American Life Has Become too Polarized and Divisive. We Need more Pluralism and Decentralization!


My last two posts, here and here, are concerned with one of the most serious problems facing our nation.  It is the rampant polarization and divisiveness affecting both our political institutions and social culture.

George Friedman says that the two dominant cycles in American history, the eighty-year institutional cycle and the fifty-year socio-economic cycle, are both coming to a head and renewing in the mid-to-late 2020s and this will produce a storm before the ensuing calm.

David French says that the quest for moral, cultural and, political domination by either side of our national divide risks splitting the nation asunder.  Both sides must surrender the dream of domination of the other side by embracing increased pluralism which would make our country even more decentralized than it already is.

According to Mr. French:

  • The Republican Party won the Civil War and then dominated American politics for 50 years. Conversely in the 1930s, the Democratic Party won and dominated American politics for roughly the same amount of time.
  • The quest for uniformity is futile, and the restrictions of liberty that are so tempting to those who seek uniformity are far more inflammatory and divisive than they are edifying or unifying.
  • To embrace pluralism, citizens truly need only to embrace two limitations on their quest for ultimate ideological victory. First, if you are a citizen of a liberal republic, you need to defend the rights of others that you would like to exercise yourself.  Second, if you are a citizen of a pluralistic, liberal government, you should defend the rights of communities and associations to govern themselves according to their own values and beliefs.

  • To go forward, we must go back. If the Bill of Rights represents tolerance of individual difference and a diverse civil society, federalism represents tolerance through self-governance and community autonomy.
  • We now have decades of experience with the enormous bloat of federal government. Under healthy federalism, American citizens would enjoy guaranteed civil liberties that don’t waiver or vary from state to state and they would enjoy a much greater degree of local control.  The only downside is that the rebirth of federalism necessitates the death of very particular dreams – the dream of dominance and the dream of utopia.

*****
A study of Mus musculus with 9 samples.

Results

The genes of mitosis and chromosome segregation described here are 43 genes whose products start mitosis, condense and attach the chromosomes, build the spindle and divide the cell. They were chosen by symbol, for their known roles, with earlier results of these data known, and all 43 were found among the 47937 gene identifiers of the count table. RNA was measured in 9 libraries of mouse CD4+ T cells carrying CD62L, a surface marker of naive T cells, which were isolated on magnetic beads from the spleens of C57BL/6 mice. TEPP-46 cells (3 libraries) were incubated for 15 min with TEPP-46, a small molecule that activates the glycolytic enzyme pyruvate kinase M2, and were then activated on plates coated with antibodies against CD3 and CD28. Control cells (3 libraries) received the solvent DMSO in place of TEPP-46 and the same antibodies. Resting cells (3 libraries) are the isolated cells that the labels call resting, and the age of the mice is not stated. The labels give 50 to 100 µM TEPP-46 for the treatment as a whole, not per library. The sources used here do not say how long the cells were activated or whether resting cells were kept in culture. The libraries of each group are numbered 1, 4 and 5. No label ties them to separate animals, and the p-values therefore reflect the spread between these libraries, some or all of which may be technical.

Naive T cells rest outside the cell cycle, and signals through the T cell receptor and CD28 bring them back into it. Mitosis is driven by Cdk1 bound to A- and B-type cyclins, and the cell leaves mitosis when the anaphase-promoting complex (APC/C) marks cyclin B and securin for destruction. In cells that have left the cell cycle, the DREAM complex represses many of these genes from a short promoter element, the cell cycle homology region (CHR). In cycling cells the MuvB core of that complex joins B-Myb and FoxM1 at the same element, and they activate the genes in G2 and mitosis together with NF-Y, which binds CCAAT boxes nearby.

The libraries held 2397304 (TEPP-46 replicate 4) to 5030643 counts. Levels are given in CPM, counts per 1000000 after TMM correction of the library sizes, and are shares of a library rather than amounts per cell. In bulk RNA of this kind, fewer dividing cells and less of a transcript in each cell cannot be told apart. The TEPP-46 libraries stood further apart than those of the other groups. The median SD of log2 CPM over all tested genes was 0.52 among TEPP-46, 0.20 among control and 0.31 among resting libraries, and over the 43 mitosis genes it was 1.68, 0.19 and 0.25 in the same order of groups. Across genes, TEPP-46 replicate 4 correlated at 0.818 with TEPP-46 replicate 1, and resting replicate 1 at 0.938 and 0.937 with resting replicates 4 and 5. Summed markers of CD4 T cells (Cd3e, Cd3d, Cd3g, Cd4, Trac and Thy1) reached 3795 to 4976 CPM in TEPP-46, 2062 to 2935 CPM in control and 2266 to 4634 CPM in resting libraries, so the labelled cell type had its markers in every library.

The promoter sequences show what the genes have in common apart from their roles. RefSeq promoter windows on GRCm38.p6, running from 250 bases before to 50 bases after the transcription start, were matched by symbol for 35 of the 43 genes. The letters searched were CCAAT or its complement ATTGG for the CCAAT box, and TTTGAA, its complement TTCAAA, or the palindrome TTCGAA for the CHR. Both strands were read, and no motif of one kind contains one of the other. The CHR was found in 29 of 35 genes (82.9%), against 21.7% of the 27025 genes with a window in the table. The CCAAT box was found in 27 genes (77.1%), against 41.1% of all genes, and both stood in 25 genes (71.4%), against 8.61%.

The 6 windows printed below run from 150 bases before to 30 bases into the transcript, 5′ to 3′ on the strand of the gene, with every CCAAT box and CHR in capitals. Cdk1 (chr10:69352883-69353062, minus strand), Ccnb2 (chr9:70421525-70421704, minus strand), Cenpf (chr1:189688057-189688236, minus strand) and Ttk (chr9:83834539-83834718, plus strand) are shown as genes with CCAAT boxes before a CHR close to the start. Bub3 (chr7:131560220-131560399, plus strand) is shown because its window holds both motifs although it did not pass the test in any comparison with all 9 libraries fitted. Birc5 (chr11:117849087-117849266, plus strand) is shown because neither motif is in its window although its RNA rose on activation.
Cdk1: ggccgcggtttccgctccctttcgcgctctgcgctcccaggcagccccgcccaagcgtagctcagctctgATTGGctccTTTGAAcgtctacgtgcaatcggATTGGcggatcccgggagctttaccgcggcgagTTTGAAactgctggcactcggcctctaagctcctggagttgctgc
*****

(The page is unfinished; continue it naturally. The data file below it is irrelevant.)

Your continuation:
• Federalism is simple. It has profound appeals.  Healthy federalism is a system of protected customization.  It lowers the stakes of national politics.  It removes the sense of helplessness and distant alienation that all too many of us feel.
  • Here are two significant possibilities for federalism in action: give blue states more freedom to restrict gun rights; give red states more freedom to restrict abortion rights. If you don’t like what is happening in your own state, then move to another state where you are more comfortable.

Conclusion.  Federalism recognizes that there are fundamental differences between red states and blue states.  It returns power to the states which has been usurped over time by the federal government.  It has the potential to greatly reduce the polarization and divisiveness which is now afflicting our country.


  1. For years, the Cato Institute of Washington D.C. has ranked states in order by those perceived as most free and those perceived as less free based on economic, education, social, and political policies. It’s interesting to note that those states considered less free by the above markers are in liberal states in which government legislation and related programs have also led to an increase in divisiveness and polarization.